The government appears to have admitted it has concerns about landlords discriminating against the potential influx of Hong Kong residents.

Home Office Minister Baroness Williams of Trafford advised landlords to be careful when doing Right to Rent checks on inbound Hong Kong residents, in response to a written question from Labour peer Lord Heath.

He asked what discussions the government had been having with landlord representatives to make sure they could access housing and wouldn’t face discrimination under the Right to Rent scheme by having to prove their immigration status.

“We are clear landlords must take extra care to ensure no-one is discriminated against when carrying out right to rent checks. Successful applicants for the BN(O) route will receive either a biometric residence permit or digital status, which will enable them to evidence their right to rent a property in the UK,” said Williams.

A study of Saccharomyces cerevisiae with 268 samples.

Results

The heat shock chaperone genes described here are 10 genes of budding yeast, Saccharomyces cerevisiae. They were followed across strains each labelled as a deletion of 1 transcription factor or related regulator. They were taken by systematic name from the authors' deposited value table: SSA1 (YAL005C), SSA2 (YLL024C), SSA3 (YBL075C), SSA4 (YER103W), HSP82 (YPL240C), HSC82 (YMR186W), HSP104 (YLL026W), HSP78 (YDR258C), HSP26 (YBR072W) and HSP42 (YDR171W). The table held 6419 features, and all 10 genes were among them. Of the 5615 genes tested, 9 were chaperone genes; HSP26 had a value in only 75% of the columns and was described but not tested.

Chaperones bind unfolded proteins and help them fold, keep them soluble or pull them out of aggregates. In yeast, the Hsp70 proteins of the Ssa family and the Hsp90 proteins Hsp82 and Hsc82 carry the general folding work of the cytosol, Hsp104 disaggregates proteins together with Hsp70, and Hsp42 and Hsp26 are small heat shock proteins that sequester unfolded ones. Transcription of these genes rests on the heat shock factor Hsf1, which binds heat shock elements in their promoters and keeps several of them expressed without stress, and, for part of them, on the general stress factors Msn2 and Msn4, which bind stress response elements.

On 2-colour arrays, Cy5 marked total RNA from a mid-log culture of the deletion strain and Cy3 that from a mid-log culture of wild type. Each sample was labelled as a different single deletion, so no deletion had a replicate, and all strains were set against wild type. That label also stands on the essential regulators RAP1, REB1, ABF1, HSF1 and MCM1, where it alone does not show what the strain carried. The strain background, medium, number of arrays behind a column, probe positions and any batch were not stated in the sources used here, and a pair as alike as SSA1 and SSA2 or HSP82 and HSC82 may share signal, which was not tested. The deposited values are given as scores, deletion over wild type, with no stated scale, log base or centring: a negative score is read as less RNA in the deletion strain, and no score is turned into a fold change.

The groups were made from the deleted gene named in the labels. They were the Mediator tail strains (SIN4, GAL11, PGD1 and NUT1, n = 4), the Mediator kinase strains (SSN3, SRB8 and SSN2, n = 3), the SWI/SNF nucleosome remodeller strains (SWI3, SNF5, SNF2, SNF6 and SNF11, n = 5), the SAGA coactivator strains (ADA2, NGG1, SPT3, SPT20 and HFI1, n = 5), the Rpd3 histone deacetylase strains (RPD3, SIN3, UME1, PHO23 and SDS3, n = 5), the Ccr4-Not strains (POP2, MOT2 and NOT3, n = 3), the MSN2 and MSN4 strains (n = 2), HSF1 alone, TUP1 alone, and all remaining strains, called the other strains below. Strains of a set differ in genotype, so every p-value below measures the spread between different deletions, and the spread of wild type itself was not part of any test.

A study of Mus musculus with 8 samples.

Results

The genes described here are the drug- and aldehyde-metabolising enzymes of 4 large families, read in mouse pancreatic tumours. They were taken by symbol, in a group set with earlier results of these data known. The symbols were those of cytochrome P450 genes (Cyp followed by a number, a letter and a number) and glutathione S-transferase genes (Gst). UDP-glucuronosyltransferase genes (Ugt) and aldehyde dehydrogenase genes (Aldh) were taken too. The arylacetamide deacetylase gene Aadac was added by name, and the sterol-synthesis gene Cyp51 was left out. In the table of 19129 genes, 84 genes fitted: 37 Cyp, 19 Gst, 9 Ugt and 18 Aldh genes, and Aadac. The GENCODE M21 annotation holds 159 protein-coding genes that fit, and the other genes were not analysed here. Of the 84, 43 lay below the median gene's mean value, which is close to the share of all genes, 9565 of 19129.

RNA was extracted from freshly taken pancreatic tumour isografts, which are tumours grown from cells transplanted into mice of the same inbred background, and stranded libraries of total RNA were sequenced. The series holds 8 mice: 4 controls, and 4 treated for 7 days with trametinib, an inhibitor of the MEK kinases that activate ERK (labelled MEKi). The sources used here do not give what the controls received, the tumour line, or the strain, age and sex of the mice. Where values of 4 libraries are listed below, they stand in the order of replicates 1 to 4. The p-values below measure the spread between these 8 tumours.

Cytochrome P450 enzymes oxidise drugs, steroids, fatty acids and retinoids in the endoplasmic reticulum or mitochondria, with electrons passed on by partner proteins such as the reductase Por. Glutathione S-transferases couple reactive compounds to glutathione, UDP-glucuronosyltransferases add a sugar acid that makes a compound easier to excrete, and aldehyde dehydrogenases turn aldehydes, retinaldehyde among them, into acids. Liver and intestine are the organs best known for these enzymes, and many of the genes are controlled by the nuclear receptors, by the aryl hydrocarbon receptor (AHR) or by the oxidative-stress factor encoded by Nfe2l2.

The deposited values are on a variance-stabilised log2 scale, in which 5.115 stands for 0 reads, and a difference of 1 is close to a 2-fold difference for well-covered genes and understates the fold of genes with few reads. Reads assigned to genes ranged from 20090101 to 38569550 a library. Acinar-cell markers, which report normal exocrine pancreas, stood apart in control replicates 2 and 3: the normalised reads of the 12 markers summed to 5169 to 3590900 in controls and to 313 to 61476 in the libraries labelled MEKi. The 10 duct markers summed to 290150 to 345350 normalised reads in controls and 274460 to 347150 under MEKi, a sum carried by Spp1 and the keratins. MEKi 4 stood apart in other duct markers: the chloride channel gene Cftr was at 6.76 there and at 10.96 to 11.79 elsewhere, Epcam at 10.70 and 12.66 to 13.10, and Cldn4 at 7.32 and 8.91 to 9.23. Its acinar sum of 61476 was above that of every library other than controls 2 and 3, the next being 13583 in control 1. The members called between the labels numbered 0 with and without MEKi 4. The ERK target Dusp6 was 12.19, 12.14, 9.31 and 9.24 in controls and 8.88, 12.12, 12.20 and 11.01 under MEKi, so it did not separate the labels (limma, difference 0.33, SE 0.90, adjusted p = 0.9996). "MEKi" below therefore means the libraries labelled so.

Right to Rent

Like any non-British would-be tenant, landlords will be responsible for checking their immigration status; any landlord found to have rented to someone who doesn’t have the required immigration status faces a fine of up to £3,000 or a criminal sentence.

The Joint Council for the Welfare of Immigrants believes the Right to Rent scheme should be immediately scrapped.

Legal policy director Chai Patel tells LandlordZONE: “Both the High Court and the Court of Appeal have found that it causes racial discrimination in the housing market and that the government issuing guidance doesn’t stop it. It’s totally unacceptable that Priti Patel supports a government scheme that encourages more racism, when she should be doing everything she can to stamp it out.”

Read more about recent changes to Right to Rent checks.